You likely have a few of these on hand.
No oil? No problem! Though oil is an essential ingredient in so many recipes, just like eggs, oil can be replaced with several trusted substitutes for baking. Typically, oil’s function in a recipe is to keep the baked good moist, so swapping oil for a different ingredient that adds moistness and tenderness can work well, and may even result in a new permanent change in the way you make your favorite brownies, cookies, and cakes. Here are a few of the best and easiest oil substitutes to use when baking.
Related: 21 Classic, Delicious Cookie Recipes
Melted, unsalted butter is the perfect substitute for oil, and can even add a richer flavor to baked recipes. Swap in butter for oil in a 1:1 ratio, melting butter in the microwave or on the stovetop. Vegan butter or ghee can also work in this instance. Try subbing melted butter into any baked recipe, like this Rainbow Sprinkle Snacking Cake or your favorite birthday cake.
Avocado is full of natural fats that can replicate oil and add a creaminess to your baked goods. The swap is simple and can be used in recipes from scratch or from a box. Use a 1:1 ratio for swapping oil with smashed avocado (fresh is best, not frozen or packaged, which may be watery when defrosted or have stabilizers). Note that the fruit’s color can affect the recipe, so only use avocado in something dark-hued, like brownies or chocolate cake, or a recipe where the exterior appearance doesn’t matter, such as a frosted treat. You could also enhance or hide the baked avocado color with food coloring.
Adding applesauce to baked goods instead of oil is a common hack to try, and brings a little more nutrition and moistness into a cake. Pick natural applesauce, which won’t change the flavor of your baked goods too much, and try this hack with bold flavored baked goods, like Cinnamon-Spiced Pumpkin Muffins or an Apple Spice Cake. The swap can be done in a 1:1 ratio, and is easily executed with a boxed mix or a more intricate recipe.
Whole-fat Greek yogurt is a great swap for oil in baked goods. It’s creamy and rich, and adds a nice texture to pound cakes, cookies, and Blueberry Muffins, plus a bit of extra protein. Due to its thickness, you’ll want to add a bit more yogurt to the recipe than the amount of oil called for. Start with a 1:1.25 ratio. For example, if the recipe calls for 1 cup of oil, use 1 ¼ cup of yogurt for baking. If your batter seems dry, slowly stir in a bit more yogurt.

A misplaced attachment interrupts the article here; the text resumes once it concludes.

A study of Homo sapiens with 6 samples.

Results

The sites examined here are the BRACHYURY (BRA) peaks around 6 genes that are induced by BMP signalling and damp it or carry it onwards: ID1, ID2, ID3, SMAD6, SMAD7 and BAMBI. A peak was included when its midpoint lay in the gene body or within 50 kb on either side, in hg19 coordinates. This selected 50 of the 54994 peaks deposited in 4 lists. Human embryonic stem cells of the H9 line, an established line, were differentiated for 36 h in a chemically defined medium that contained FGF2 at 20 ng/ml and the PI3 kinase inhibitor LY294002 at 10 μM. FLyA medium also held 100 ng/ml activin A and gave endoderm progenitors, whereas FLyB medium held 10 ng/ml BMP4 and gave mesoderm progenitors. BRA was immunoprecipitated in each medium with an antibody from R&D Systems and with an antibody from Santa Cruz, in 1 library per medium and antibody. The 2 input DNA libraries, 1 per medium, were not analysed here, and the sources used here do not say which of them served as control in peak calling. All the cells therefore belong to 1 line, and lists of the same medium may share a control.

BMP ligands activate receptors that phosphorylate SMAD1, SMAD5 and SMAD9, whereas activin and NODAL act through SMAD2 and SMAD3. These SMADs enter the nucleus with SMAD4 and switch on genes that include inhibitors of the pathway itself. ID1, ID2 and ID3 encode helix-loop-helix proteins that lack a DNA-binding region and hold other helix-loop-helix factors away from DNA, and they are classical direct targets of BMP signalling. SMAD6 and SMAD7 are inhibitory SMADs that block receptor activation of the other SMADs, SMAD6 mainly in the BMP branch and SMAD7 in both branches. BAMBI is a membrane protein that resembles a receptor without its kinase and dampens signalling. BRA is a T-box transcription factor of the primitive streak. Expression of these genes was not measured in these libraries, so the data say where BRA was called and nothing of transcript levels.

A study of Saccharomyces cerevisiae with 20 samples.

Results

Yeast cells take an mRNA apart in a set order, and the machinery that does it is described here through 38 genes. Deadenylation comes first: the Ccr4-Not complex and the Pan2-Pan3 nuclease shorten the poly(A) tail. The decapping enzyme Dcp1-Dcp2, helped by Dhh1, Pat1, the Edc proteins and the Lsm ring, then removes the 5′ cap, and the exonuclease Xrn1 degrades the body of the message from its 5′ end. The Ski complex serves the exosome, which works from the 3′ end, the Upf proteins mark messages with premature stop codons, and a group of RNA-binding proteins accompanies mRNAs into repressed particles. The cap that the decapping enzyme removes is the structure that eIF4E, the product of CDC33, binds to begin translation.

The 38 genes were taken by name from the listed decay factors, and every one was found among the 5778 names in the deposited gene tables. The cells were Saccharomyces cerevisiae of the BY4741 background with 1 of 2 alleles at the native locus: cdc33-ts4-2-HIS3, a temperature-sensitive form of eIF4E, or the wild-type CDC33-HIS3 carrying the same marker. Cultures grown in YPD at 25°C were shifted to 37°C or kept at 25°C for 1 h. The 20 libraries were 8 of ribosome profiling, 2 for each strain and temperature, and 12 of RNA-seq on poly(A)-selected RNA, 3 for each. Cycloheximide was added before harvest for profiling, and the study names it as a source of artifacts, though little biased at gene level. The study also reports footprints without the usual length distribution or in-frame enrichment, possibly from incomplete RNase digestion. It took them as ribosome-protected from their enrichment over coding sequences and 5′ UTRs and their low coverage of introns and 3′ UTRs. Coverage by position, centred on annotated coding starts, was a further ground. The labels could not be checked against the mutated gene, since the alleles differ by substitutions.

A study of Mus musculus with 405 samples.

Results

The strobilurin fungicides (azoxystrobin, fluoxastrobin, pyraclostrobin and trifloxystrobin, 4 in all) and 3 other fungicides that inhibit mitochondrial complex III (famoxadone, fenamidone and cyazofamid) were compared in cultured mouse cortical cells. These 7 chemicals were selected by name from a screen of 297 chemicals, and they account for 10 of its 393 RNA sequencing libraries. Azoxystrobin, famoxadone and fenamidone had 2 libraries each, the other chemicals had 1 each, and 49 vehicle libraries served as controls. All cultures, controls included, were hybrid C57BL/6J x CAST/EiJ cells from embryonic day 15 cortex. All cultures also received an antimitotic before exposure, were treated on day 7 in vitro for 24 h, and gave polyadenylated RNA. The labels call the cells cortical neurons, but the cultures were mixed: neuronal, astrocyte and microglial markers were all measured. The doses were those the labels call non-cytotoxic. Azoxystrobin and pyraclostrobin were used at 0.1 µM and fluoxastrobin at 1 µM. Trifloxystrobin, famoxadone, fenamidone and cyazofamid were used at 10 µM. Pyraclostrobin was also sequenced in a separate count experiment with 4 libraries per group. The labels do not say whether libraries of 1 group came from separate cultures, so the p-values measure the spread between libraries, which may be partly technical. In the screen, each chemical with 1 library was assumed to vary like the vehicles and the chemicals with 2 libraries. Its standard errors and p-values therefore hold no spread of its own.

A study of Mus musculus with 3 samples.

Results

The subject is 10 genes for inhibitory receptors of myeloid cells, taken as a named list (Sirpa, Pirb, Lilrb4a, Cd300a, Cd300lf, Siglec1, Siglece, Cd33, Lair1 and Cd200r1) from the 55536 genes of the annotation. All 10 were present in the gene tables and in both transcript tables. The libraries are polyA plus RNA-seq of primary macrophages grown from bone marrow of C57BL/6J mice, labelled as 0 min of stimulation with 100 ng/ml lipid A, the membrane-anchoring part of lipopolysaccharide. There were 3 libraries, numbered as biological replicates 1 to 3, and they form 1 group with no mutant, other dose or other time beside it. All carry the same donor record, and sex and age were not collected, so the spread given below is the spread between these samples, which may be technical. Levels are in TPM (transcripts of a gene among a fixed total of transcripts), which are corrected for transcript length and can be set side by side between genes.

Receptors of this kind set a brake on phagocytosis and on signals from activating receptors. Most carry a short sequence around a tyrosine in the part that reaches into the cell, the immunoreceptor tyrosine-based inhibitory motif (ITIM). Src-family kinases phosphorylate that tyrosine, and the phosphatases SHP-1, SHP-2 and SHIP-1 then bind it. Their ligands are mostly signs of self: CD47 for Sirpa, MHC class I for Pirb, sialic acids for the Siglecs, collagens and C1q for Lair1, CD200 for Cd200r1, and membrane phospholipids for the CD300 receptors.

If you have shortening in the pantry, it can be subbed in for oil in an equal ratio. Heat the shortening over low heat in a small saucepan until it becomes liquid. Transfer to a bowl, allow it to cool slightly, and then add it to your recipe as you would oil. This works well for sturdier baked goods like Classic Chocolate Chip Cookies, Fudgy Brownies, breads, or cakes.
Though it’s often sold as a solid, coconut oil is indeed oil that can be used as a liquid, and in an equal ratio to other cooking oils. Microwave the desired quantity in brief increments to ensure the coconut oil is liquid, and stir it into your recipe as directed. Coconut oil has a neutral flavor, and can be used in most recipes, though it may add a heaviness to anything fluffy (like sheet cakes) that changes the end result.
Before you dump the liquified bacon grease from your bacon pan, bake with it! Strain out any solids with a small mesh sieve or disposable coffee filter, and then sub the bacon grease in for cooking oil, using half the amount of bacon grease as the recipe calls for oil, a 1:.5 ratio. Bacon grease does retain a bacon-y flavor, so only use this in a recipe where you may want some savory and salty notes—in pancakes, savory scones, or a breakfast bake, this could be a welcome addition.
Rich, creamy, and a source of natural oils within themselves, nut butters can be a flavorful substitute for oil in many recipes. Use an equal amount of nut butter to replace the oil in any recipe, measuring by volume. If the nut butter feels too hard to measure, microwave it in 10-second increments to slightly soften it. Opt for a natural, unsweetened, smooth nut butter to not alter the chemistry or consistency of the batter too much. This hack would work nicely in baked goods that would go well with nut butter, like Chewy Chocolate Brownies with some added peanut butter, Raspberry-Almond Crumb Bars with cashew butter, or a citrus cake with almond butter.
For more Real Simple news, make sure to sign up for our newsletter!
Read the original article on Real Simple.